The aims of this study were to investigate the convergent and discriminative validity and reliability of the low anterior resection syndrome (LARS) score in an international setting.
The LARS score is a simple self-administered questionnaire measuring bowel dysfunction after rectal cancer surgery. The score is intended to be commonly used in international research and clinical practice in the future. Therefore, a thorough validation in an international setting is of utmost importance.
The LARS score was translated using methods in keeping with current international recommendations. A total of 801 patients operated for rectal cancer in Sweden, Spain, Germany, and Denmark completed the LARS score questionnaire, including an anchor question assessing the impact of bowel function on quality of life. A subgroup of 218 patients completed the LARS score twice. Data were analyzed per country.
The LARS score has demonstrated a high convergent validity in terms of a high correlation between LARS score and quality of life (P < 0.001). Sensitivity ranged from 67.7% to 88.3% and specificity from 58.1% to 86.3%. The LARS score was able to discriminate between groups of patients differing with regard to radiotherapy, surgery, and age (P < 0.05). The score also demonstrated high reliability at test-retest with narrow limits of agreement and no statistically significant difference between scores at the first and second test.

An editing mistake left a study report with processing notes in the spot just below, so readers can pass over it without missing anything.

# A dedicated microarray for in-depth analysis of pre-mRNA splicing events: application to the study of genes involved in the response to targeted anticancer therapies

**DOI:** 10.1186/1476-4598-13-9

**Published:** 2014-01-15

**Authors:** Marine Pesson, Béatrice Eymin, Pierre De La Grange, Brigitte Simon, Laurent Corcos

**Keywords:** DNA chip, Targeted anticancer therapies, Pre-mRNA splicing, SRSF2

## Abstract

The Swedish, Spanish, German, and Danish versions of the LARS score have proven to be valid and reliable tools for measuring LARS in European rectal cancer patients.
The psychometric properties of the low anterior resection syndrome (LARS) score were investigated in this international validation study. A total of 801 patients operated for rectal cancer from Sweden, Spain, Germany, and Denmark participated and the results provide the necessary documentation of a high validity and reliability of the LARS score.
*Department of Surgery P, Aarhus University Hospital, Aarhus, Denmark
†General and Digestive Surgery, Colorectal Unit, Bellvitge University Hospital, Barcelona, Spain
‡Department of Molecular Medicine and Surgery, Karolinska Institute, Stockholm, Sweden
§Hospital Valle de Hebron, Universitat Autonoma de Barcelona, Barcelona, Spain
‖Department of Surgery, University Erlangen, Erlangen, Germany
Reprints: Therese Juul, MHSc, Department of Surgery P, Aarhus University Hospital, Tage Hansensgade 2, 8000 Aarhus C, Denmark. E-mail: firstname.lastname@example.org.
Disclosure: The authors declare no conflicts of interest.